Quick Goose Facts
Canada Geese are regulated by the U.S. Fish and Wildlife Service under the guidelines set forth by the Migratory Bird Treaty Act of 1918 making it unlawful to kill, sell, hunt, disturb nests and eggs, or purchase and possess migratory birds unless permitted by the Secretary of the Interior.
Goose Life Facts:
Life Span of up to 24 years
Mating is for life. If a mate is lost, a new mate is often found
Average nest size 3 to 6 eggs with as many as 12 possible
Molting of adult birds occurs every summer, for up to a 6 week period rendering all birds flightless
Nests can be very large, up to 4 feet across, built on land and usually close to water
Geese are grazing animals, eating grasses and other succulent plant material
An adult goose eats up to 4 lbs of grass daily
An adult goose drops 2 lbs of fecal matter daily
Goose fecal matter has been linked to the spread of diseases and bacterial infections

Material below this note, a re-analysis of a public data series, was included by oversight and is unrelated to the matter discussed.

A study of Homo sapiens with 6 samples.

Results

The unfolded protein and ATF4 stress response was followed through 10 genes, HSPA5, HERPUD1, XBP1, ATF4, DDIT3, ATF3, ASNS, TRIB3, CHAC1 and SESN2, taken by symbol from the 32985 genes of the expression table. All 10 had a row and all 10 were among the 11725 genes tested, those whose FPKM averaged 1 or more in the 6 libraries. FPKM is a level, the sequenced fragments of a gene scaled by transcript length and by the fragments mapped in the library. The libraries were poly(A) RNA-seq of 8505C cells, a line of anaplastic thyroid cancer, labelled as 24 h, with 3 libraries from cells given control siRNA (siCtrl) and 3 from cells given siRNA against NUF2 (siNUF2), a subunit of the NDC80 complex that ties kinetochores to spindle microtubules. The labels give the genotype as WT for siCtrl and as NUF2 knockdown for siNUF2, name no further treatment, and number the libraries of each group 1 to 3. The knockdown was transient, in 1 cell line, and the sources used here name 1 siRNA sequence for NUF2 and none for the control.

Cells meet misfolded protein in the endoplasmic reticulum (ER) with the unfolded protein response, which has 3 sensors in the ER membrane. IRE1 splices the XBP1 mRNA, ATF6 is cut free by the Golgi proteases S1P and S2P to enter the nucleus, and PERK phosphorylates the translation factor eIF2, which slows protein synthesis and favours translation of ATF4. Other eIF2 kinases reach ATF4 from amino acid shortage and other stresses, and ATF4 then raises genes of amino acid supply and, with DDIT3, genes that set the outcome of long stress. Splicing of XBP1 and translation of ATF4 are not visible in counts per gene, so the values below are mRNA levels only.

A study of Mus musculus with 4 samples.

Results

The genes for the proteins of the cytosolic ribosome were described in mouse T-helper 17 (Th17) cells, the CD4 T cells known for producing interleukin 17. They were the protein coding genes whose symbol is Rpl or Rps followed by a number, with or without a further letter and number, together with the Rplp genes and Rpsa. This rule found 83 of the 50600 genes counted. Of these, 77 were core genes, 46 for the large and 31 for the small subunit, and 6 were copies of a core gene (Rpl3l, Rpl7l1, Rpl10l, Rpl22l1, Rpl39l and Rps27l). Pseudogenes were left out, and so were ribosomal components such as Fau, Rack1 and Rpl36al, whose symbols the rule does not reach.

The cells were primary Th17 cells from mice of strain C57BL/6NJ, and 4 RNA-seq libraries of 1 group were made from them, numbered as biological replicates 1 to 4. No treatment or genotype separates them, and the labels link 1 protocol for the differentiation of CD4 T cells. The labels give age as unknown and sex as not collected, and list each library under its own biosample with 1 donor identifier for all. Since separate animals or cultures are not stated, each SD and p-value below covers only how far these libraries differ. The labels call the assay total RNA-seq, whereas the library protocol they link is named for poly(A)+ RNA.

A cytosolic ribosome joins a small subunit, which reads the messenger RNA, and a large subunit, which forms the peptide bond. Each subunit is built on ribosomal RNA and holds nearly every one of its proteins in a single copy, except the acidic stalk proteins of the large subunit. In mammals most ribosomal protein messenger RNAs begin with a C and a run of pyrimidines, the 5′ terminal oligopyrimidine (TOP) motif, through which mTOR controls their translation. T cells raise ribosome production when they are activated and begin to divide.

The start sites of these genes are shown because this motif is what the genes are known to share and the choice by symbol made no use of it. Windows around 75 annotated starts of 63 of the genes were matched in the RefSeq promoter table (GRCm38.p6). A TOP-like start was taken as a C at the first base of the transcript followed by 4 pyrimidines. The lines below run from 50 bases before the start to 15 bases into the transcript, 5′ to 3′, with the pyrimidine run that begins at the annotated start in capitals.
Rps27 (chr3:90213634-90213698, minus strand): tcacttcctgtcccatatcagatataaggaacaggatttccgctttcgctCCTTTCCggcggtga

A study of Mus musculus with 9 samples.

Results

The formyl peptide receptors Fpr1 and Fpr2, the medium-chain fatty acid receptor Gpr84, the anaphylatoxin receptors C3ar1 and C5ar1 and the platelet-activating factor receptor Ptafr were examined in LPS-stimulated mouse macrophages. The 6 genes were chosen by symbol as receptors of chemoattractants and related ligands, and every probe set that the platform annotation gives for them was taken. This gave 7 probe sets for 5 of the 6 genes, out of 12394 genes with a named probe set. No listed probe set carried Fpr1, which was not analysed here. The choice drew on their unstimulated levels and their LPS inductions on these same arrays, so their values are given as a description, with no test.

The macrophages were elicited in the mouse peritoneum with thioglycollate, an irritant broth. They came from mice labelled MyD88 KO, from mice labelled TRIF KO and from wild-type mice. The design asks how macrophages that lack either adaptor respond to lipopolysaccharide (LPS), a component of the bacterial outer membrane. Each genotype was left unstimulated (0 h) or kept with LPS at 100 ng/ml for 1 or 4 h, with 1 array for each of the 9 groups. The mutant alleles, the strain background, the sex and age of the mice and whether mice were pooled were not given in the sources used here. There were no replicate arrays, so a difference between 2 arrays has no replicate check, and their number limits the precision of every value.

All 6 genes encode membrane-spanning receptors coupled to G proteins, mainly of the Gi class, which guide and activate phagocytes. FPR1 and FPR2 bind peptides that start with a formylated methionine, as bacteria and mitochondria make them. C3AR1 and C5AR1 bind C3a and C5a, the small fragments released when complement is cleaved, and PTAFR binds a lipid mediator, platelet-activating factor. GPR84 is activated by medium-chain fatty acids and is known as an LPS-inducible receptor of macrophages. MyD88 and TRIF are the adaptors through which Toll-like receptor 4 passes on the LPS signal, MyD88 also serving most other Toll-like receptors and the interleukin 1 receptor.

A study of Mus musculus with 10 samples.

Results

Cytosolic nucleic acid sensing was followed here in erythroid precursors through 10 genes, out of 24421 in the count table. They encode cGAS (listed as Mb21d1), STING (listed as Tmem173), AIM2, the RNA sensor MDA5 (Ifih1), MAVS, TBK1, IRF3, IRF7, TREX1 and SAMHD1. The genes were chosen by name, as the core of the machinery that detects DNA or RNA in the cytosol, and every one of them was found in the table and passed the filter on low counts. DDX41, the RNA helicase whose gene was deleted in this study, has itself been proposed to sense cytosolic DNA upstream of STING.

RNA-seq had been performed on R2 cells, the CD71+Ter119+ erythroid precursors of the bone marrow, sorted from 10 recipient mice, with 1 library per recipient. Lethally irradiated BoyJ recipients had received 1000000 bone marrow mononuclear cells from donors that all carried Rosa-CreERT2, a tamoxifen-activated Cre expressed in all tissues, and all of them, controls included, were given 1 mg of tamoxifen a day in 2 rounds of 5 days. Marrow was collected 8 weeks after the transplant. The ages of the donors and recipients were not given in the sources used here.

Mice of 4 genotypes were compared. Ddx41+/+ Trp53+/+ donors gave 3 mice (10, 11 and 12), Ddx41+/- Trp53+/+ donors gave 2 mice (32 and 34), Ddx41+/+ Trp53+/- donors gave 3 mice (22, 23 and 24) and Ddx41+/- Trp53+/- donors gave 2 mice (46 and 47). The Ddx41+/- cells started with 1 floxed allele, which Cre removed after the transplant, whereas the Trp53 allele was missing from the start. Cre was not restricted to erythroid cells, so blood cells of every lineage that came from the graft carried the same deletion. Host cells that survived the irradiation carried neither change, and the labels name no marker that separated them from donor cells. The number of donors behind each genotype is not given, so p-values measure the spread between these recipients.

Population growth ranges from 10 to 17% annually
Geese typically return to the same nesting and birth sites every year
Current goose conflicts in urban and suburban settings are often caused by resident Canada Geese flocks and not migratory birds. During the 1930’s an ambitious effort was undertaken to reintroduce a resident population of geese throughout the Continental United States.
Many things have changed since the reestablishment of resident geese, particularly the use and development of our land resources. Creating open spaces with well manicured lawns, often dotted with ponds and lakes, and the lack of predators in these suburban settings creates an environment in which geese can thrive. Extensive food resources, excellent nesting areas, and security from predators are all that is needed to create a population explosion among resident Canada Geese.
Often these Geese feed in adjacent farmland creating a hardship to the land owner. Hunting access is often limited due to the proximity to human environments.
The U.S. Fish and Wildlife Service estimate the current (2002) national resident goose population at 3.5 million. At an average annual growth rate of 10%, within three years 1.1 million new geese will be added to the current population.
These unnatural conditions work to produce healthier and larger geese capable of laying larger nests and living much longer than their migratory cousins.